You wouldn’t have known Penn State was in the midst of a four-game losing streak from the collective demeanor at Monday’s practice.
As the Nittany Lions limbered, led in stretching by strength coach Brad Pantall, a chorus of boisterous chatter emanated from the floor of the Bryce Jordan Center.
“I just think we have to get better as a whole team — from top to bottom,” said sophomore guard and team captain D.J. Newbill. “That’s what we’re here for today. You see everybody is upbeat, everybody is ready to practice.”
“That’s the good thing about being in this program,” he continued. “Our attitude is — we’re ready. Everybody is still upbeat and nobody’s morale is down.”
After Thursday’s 70-54 home loss to Northwestern head coach Patrick Chambers liked how his team responded.
“They had their own team meeting after Thursday night; they ran their own film session on Friday,” he said. “That’s a credit to the captains, along with Tim Frazier. So you see those few things and maybe that wasn’t done in years past. I know they care. As long as I know they care we’re going to come everyday with that ‘lunch-pale mentality.’
Newbill said the team meeting was simple. Nothing elaborate, nothing complicated.
“It was just that point in the season where you have to look each other in the eye and tell yourself you have to give everything you have for your brother next to you,” Newbill said.
“That’s the good thing about our team,” he continued. “We’re a brotherhood at the end of the day. So no matter how high or low things get we’re still going to stick together and be one.”
Reading the psyche of his team is just one of Chambers’ many duties as head coach. During Penn State’s four-game non-conference winning streak in December, he said his players were aware of, and trying hard to change, the negative perception of the program.
So after two 31-percent shooting performances against Indiana and Northwestern followed by a season-worst 25 percent against Purdue, is the team putting too much pressure on itself to change the hearts and minds of its detractors?
“There’s no doubt,” Chambers said. “They want to win so badly that they’re not making shots and they’re making mistakes.”
According to ESPN’s play-by-play tracker, the Nittany Lions missed nine layups in the game, five in the first half. For a team that Chambers has called “feel good,” meaning it plays hard when shots go in, blown layups are confidence killers.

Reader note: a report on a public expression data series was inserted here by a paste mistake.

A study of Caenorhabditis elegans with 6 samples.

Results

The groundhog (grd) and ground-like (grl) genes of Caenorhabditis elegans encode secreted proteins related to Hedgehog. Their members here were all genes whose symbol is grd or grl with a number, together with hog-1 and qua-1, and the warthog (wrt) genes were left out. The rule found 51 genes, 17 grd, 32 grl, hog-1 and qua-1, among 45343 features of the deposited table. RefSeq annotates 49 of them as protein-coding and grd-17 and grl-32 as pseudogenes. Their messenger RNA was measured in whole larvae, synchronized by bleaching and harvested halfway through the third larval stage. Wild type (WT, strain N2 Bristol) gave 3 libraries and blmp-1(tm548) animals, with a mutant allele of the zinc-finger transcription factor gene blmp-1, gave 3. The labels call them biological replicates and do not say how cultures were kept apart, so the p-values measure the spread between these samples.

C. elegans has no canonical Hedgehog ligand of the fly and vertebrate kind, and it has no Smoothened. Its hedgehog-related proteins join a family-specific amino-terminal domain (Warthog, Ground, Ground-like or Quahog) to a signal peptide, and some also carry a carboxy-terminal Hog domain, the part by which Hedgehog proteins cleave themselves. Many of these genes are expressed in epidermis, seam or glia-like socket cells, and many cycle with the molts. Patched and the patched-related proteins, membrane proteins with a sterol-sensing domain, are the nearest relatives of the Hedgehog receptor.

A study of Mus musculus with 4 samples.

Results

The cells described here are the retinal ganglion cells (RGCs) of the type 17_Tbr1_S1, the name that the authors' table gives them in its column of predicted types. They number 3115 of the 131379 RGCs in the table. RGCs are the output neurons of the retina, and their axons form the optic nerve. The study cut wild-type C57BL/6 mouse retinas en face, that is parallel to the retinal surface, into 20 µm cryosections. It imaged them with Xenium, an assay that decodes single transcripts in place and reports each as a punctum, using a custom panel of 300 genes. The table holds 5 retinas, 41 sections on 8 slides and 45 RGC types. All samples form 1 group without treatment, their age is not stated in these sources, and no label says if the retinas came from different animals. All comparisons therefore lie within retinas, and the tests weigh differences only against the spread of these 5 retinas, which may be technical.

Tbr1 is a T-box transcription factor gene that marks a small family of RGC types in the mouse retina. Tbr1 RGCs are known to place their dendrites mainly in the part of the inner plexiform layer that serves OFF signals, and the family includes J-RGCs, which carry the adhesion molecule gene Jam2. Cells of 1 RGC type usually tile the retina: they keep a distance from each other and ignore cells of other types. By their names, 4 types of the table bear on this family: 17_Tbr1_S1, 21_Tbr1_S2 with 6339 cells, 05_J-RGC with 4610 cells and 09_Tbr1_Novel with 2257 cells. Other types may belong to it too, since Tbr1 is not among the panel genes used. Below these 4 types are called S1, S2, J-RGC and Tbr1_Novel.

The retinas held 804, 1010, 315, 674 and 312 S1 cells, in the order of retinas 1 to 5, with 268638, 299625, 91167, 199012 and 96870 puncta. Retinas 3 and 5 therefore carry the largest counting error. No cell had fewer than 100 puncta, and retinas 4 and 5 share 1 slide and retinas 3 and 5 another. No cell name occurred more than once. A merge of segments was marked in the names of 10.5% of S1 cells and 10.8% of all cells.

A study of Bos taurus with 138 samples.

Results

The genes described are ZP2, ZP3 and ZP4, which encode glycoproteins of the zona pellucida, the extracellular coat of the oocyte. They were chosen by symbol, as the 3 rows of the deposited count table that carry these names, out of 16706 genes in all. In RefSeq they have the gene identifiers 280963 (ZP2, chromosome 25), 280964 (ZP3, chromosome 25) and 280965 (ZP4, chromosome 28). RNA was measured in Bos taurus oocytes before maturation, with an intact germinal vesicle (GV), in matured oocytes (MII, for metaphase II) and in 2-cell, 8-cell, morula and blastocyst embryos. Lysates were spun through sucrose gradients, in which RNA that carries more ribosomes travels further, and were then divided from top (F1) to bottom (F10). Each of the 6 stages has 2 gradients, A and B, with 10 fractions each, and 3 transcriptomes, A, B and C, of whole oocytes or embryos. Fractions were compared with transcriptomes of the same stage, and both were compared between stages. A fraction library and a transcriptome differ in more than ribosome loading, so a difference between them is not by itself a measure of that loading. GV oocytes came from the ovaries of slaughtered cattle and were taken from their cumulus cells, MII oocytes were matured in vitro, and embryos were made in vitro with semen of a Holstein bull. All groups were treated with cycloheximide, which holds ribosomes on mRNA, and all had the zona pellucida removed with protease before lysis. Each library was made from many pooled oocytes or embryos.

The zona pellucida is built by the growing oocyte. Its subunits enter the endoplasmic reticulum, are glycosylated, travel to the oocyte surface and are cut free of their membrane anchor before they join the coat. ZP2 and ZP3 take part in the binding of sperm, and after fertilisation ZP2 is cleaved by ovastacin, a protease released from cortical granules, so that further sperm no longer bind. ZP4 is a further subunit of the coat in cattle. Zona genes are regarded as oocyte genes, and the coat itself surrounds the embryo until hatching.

Missing easy ones didn’t seem to dissolve Purdue’s self-belief. The Boilermakers missed eight layups for the game, but still managed to make eight more field goals (23 for 51) than Penn State (15 for 58).
The Nittany Lions are shooting 29.7 percent over the last three contests.
So it’s time to scrap the offense, right?
“I’m not changing anything,” Chambers said.
He liked his team’s shot attempts and said shots have been falling in practice. Though he admitted opponents have been able to dictate the pace of play, he likes who’s been getting shots and where they’re coming from on the floor. They just aren’t going in.
“We have to make some shots,” he said with a laugh. “The game is simple when you make shots. Everything looks great. It’s like a golfer who’s squeezing the golf club. We’re squeezing a little bit right now. We have to just relax and let the game come to us a little bit.”
Hotel pool parties
and stubborn resolve
If Chambers believes his team is tight, what is he doing to loosen them up?
Before Penn State’s noon tip-off against Purdue, Chambers rousted his players from their slumbers and took them to the hotel pool for some pre-game fun.
“We had a pool party at 7:20 a.m. We jumped in the pool we loosened them up. They were playing their music,” Chambers said. “We were blaring in the hotel. Just telling them to have fun, enjoy this experience, enjoy playing together and continue to build trust.”
Then, he said, his team came out against the Boilermakers, missed a few shots early and tightened back up.
Chambers said his next move might be to have an open practice where fans and students come and watch, perhaps an attempt to simulate an in-game environment.
However, despite the recent struggles, the second year coach seems to have a stubborn confidence in his group even if they don’t yet have it in themselves.
“We’re going to get it back,” Chambers said. “It’s only a matter of time before we start hitting shots again. I really believe that.”